Social Justice Initiatives (SJI) at Columbia Law School has deep connections to the public interest community in New York. But with more students and graduates looking beyond the metropolitan area, SJI has been strengthening Columbia’s ties in other parts of the country by creating the Columbia Law School Faculty-Graduate Social Justice Network.
The largely graduate-led network, which will also maintain a strong New York presence, consists of public interest–minded students and graduates, as well as regional “consultant counselors” who will help build connections throughout the country. Their combined efforts augment the work of SJI’s New York–based staff by providing local expertise and connections to other experienced Columbia graduates in different cities and states. The overarching goal is to facilitate professional and personal relationships, working collaborations, and continued learning. “We are well aware that graduates and students increasingly would like to work outside the New York area,” says Ellen P. Chapnick, dean for SJI. “So we’re expanding our circle of advisers by hiring graduates who live in different parts of the country and are experts in different areas of practice.”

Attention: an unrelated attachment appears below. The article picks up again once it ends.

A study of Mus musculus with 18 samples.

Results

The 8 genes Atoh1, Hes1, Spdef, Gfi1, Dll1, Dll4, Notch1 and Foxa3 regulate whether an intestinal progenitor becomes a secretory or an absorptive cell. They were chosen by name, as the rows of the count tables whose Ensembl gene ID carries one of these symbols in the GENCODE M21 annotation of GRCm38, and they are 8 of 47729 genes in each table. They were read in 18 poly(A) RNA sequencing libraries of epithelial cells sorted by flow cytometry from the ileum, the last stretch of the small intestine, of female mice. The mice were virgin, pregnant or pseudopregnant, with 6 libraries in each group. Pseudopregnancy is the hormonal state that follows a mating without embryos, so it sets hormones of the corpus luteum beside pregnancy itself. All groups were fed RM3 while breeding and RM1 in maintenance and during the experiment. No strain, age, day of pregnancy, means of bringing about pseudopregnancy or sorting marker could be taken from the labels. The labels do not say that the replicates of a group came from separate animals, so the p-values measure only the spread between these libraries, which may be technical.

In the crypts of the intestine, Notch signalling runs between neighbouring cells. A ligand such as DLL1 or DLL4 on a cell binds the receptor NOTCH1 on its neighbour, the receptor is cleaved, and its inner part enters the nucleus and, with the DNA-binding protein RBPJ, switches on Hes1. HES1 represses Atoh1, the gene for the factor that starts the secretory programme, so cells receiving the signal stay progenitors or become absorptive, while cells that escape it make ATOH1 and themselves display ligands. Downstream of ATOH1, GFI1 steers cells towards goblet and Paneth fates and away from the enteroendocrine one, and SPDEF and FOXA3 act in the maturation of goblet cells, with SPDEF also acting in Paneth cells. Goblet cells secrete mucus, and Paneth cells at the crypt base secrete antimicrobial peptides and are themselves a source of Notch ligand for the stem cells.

The network, which Chapnick developed in collaboration with Professor Susan P. Sturm and several other faculty members, focuses on seven regions around the country: Washington, D.C., northern California, southern California, the Pacific Northwest, the South, and the Midwest, as well as New York. The consultant counselors will help members connect with one another and with Columbia Law School faculty members through professional and social gatherings, as well as online interactions. The network welcomes all Law School graduates doing social justice work in a wide variety of settings, including those working at public interest organizations, government agencies, and law firms.
Consultant counselors will also help students and graduates navigate the job market. “In the career search process, a far-flung, diversified network can be a vital tool,” Chapnick says. “A lot of the public interest and government job market is informal. We wanted to build a network in which our graduates and students can help other graduates and students.”